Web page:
Pushy Orion nudges out the Northern Cross on November nights

In this nearly 360-degree view, the sky is shown at 10 o’clock local time when Orion and the Northern Cross (also known as Cygnus the Swan) are opposite one another. SE stands for the ┬ásoutheast direction and NW for northwest. Created with Stellarium

Orion the Hunter rises, the Summer Triangle sets. These two opposing groups of stars lie on opposite sides of the sky from one another and represent the great seasonal divide of summer and winter. Nowhere is this more obvious than in the stance of the Northern Cross.

The Northern Cross led by its brightest star Deneb stands above the western horizon Friday night. Photo: Bob King

I noticed it Friday night while out walking the dog. Cygnus the Swan a.k.a. the Northern Cross stood exactly upright in the northwestern sky around 10 o’clock. Meanwhile Vega, the brightest star in the Summer Triangle, required some neck twisting to see, hidden as it was by tree branches to the lower right of the Cross. In the exact opposite corner of the sky Orion and his tri-star Belt led a charge of bright winter stars laying waste to the dim constellations of the fall southern sky.

Brilliant Jupiter (top) and Orion (left), with his three-stars-in-a-row belt, shine through the clouds in the eastern sky Friday night. Photo: Bob King

Despite their seasonal differences, the “alpha” or brightest stars of Cygnus and Orion – Deneb and Betelgeuse – are both supergiants with diameters so large they make the sun look point-like in comparison. Before continuing, you must know that Betelgeuse, is not Orion’s brightest star despite its designation as Alpha Orionis. It’s bested by a few tenths of a magnitude by Rigel in the hunter’s foot. Since Betelgeuse is a pulsating variable star with a diameter and brightness that changes over the months and years, it may at times wax brighter than Rigel.

Astronomers estimate Betelgeuse varies between about 550 and 920 times the size of the sun as it expands and contracts, unable to reach stasis like our more dependable star. These ups and downs are all part of Betelgeuse’s evolution from a red supergiant to potential supernovadom – one winter evening we may look up to find it’s blown its top, outshining every star in the nighttime sky.

Deneb is an enormous blue-white supergiant star some 100-200 times the size of the sun. It appears as a modestly bright 1st magnitude star because it’s over 1,500 light years away. Betelgeuse in comparison is only 642 light years away. Illustration: Bob King

Betelgeuse’s counterpart Deneb in the Northern Cross is likewise a supergiant but a younger, much hotter blue-white star 100-200 times the sun’s diameter. Both these great giants and their respective constellations draw our eye this time of year, when the leaves are down and the stars sparkle between tree branches like stellar tinsel.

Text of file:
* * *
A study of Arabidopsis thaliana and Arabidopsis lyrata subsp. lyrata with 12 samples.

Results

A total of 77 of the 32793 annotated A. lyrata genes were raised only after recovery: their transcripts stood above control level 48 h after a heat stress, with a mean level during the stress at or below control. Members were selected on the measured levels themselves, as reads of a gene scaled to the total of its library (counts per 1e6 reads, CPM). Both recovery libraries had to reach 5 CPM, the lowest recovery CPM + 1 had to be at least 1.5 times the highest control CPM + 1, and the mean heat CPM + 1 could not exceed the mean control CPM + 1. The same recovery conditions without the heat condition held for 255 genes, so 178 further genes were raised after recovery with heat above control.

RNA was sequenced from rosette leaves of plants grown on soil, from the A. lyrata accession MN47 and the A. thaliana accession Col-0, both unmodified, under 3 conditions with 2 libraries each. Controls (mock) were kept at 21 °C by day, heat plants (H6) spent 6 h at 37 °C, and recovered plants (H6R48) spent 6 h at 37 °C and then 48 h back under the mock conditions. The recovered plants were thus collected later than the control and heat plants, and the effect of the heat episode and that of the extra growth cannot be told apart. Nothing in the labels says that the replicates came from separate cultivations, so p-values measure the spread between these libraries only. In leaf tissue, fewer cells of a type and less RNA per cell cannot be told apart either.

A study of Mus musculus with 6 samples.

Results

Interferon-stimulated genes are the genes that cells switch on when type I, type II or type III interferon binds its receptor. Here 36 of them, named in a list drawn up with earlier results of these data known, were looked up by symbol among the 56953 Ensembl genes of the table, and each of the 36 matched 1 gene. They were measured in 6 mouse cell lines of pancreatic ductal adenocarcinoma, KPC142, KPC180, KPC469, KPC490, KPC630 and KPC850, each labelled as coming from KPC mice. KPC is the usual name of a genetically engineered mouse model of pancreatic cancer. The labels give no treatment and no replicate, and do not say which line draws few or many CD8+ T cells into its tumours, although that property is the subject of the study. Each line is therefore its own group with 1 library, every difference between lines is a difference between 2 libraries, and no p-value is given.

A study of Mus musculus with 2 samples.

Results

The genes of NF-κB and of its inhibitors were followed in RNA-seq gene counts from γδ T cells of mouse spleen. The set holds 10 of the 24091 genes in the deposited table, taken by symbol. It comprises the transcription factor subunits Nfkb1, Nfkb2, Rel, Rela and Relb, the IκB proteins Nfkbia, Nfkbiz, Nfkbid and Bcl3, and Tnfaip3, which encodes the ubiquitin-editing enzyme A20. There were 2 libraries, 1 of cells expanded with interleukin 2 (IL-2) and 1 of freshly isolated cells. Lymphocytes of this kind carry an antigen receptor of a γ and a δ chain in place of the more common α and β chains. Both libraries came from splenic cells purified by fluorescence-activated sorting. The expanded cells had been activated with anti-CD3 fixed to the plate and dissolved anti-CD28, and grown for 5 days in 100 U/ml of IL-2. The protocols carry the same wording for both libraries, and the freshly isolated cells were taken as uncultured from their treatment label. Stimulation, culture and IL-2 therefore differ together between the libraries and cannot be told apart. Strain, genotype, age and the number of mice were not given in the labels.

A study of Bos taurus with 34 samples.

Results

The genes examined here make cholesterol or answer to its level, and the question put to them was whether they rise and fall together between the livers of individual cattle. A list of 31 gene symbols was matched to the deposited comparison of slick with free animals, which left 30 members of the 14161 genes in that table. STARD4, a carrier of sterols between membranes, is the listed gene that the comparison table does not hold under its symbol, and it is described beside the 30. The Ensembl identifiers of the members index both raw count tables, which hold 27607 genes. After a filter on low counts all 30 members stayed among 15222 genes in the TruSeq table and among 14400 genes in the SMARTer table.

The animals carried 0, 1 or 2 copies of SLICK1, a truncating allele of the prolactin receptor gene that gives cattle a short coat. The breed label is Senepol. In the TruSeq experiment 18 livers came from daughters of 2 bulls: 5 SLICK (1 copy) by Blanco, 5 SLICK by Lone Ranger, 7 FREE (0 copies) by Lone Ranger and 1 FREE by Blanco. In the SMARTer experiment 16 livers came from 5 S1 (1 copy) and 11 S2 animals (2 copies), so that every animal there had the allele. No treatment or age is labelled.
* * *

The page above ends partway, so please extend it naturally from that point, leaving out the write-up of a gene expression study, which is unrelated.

My name is Bob King and I work at the Duluth News Tribune in Duluth, Minn. as a photographer and photo editor. I'm also an amateur astronomer and have been keen on the sky since age 11. My modest credentials include membership in the American Association of Variable Star Observers (AAVSO) where I'm a regular contributor, International Meteorite Collectors Assn. and Arrowhead Astronomical Society. I also teach community education astronomy classes at our local planetarium.

11 thoughts on “Pushy Orion nudges out the Northern Cross on November nights

  1. I would hate to ruin such a beautiful constellation as Orion – but I would like to see Betelgeuse go supernova one night. I wonder if it has already?

  2. What is the dim light in the sky just to the right roght of orions top right star its been there a for a few weeks now there’s a super bright star that comes up in the east a little bit after it gets dark before orion comes up and if I look up and to the right of that super bright star I can see a cloudy light I don’t have a telescope but I can see it just wonderining I see it tonight also. Right now its 0130 and its up and to the right of the far right star of orions belt. Please forgive my lack of names as I do not know them any help would be appreciated

  3. So the super bright. One is jupiter. So what about the dimmmer light I will try to show u about wher it is.

    ?
    O
    O

    O
    O
    O

    O
    O
    I know I am probably missing some thing in orion but at about 120 to 130 the ? Maarks the spot of interest and about an hour after jupiter is nice and awake in the east the ? Can be seen up from and to the south of jupiter sorry for the child like pic;-)

    • Havealual,
      Just to the right of Jupiter is a V-shaped star cluster called the Hyades with one bright reddish-orange star named Aldebaran. Farther to the right and above the Hyades is a dense bunch of stars called the Pleiades or Seven Sisters cluster.

  4. I really appreciate your JPEG on PUSHY ORION NUDGING OUT THE NORTHERN CROSS. I was looking for a way to illustrate that these two constellations together inspired the building of the Giza Plateau. That is taking both Robert Bauval’s and Andrew Collins theories and merging them into one. In fact I am writing up a blog at the present moment in which I will air this theory; however, it is about another subject matter altogether: WHAT CAUSES AND BRINGS ABOUT LIFE ON EARTH? I am an esoterist and my research is wholly hone in that direction..

  5. Wow, does it look cool on this page? I learnt what the real life northern cross! I am so happy now!!!!!!!!!!! Anyway i am still a child. At my school, the CSIRO person came and talked about the universe.